Prime Minister says cricket remains banned because of the ball

Prime Minster Boris Johnson has today dashed hopes of a quick return to action for recreational  cricket.

Answering a question in the House of Commons, Johnson described a cricket ball as a “natural vector of disease” as he confirmed the sport remains banned outside the elite level.

It now remains unclear when the sport may be allowed to restart at grassroots level, with the the Prime Minister saying “we’re still working on ways to make cricket more Covid-secure, but we can’t change the guidance yet.”

His announcement will be a shock to the ECB who were making optimistic noises and encouraging clubs and leagues to prepare to start playing in early July.

It was on the basis of their statement last Friday that the Gordon Rigg Bradford Premier League started to work on consulting clubs over a resumption in play.

League chairman David Young said: "This is extremely disappointing news after the optimism of recent days, but we must not give up hope of playing."

"We have always acknowledged that the health and safety of the cricket community has to be the number one  objective"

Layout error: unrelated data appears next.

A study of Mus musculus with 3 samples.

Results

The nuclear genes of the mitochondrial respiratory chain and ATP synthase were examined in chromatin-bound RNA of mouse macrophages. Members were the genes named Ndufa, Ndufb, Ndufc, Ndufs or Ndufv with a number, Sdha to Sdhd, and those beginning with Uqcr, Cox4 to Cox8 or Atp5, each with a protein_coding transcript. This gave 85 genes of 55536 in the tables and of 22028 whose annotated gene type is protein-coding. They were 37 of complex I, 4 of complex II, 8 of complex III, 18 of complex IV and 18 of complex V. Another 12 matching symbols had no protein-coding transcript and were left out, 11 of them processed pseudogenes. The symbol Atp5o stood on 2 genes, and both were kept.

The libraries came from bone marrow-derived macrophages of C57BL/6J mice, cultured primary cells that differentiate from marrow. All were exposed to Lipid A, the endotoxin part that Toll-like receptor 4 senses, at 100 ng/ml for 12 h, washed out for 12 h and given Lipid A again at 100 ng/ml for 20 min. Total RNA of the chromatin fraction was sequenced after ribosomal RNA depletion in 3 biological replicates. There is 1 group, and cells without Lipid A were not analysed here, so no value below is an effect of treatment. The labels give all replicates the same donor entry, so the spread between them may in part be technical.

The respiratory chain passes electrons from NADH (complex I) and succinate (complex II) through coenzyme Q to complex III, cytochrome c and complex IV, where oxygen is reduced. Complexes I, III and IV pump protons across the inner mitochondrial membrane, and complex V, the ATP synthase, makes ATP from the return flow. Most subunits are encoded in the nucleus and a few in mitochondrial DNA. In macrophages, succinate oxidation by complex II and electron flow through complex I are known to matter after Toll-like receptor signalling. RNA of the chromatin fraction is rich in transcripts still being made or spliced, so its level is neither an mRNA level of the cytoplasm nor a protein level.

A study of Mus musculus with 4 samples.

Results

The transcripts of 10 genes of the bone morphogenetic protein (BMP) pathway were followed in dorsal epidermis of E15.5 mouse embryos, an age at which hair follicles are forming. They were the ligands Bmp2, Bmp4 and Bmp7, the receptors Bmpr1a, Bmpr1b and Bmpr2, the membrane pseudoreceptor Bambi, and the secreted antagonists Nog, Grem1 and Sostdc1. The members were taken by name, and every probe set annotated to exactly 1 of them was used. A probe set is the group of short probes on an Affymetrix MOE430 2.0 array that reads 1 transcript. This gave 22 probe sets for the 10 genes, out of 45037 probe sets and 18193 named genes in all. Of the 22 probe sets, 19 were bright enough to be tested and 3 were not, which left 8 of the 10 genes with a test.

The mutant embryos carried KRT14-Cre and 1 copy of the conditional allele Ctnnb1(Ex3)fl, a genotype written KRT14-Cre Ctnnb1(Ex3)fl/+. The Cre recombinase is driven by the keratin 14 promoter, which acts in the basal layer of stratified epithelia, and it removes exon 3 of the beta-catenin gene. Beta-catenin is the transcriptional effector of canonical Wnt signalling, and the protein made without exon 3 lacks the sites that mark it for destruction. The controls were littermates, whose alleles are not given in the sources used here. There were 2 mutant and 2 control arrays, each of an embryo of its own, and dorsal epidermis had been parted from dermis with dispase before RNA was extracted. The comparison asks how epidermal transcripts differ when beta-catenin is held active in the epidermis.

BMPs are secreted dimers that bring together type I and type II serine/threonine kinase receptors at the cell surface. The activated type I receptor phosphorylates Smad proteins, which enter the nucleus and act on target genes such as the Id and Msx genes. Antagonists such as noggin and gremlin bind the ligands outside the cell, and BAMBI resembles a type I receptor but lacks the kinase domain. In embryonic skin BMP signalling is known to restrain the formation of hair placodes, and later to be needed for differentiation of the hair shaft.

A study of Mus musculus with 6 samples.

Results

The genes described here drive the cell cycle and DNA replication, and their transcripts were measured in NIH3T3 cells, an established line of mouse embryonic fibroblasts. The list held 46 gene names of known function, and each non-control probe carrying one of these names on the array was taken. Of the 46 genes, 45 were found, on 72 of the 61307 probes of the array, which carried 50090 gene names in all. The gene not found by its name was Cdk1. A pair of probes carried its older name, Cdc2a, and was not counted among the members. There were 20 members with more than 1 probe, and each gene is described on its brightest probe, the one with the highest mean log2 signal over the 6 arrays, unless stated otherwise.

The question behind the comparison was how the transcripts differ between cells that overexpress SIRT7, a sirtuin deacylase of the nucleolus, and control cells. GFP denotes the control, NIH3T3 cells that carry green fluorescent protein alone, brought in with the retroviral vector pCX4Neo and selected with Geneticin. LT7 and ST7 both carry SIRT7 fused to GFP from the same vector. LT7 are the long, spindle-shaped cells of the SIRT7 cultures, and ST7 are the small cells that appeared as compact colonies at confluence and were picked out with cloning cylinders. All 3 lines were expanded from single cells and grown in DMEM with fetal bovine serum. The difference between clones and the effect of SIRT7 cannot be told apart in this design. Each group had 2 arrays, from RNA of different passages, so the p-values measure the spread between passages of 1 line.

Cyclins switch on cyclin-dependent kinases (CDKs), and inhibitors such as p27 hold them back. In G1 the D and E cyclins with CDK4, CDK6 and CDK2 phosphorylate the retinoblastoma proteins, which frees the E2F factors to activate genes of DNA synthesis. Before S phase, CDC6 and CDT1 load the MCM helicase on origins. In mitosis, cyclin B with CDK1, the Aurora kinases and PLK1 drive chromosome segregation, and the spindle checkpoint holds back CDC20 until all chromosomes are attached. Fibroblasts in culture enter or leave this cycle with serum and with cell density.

In a statement issued tonight, the ECB said: "The ECB along with the nation's cricket players are keen to see the imminent and safe return of our sport at recreational level and have been working hard with Government to achieve this.

"We believe that cricket is a non-contact sport, with very low risk of exposure, and that it can be played as safely as other activities that are currently permitted.

"It is our strong desire to work with Government to see the return of recreational cricket on or around July 4, as they continue to lift the restrictions more broadly across society.

"We are heartened that the Government has already permitted the return of other ball games, including tennis and basketball, and we are sure that our interpretations of the risks around ball transmission is consistent with those other games.

"We can confirm that any guidance we share with the game will include directions on how to mitigate any risks from handling the ball as we continue to prioritise the health and safety of the cricket family in our decision making."

There was one piece of good news for clubs with the go-ahead to open their clubhouse bars from July 4. Young said: "This should provide an opportunity for clubs to start generating some revenue after three very tough months."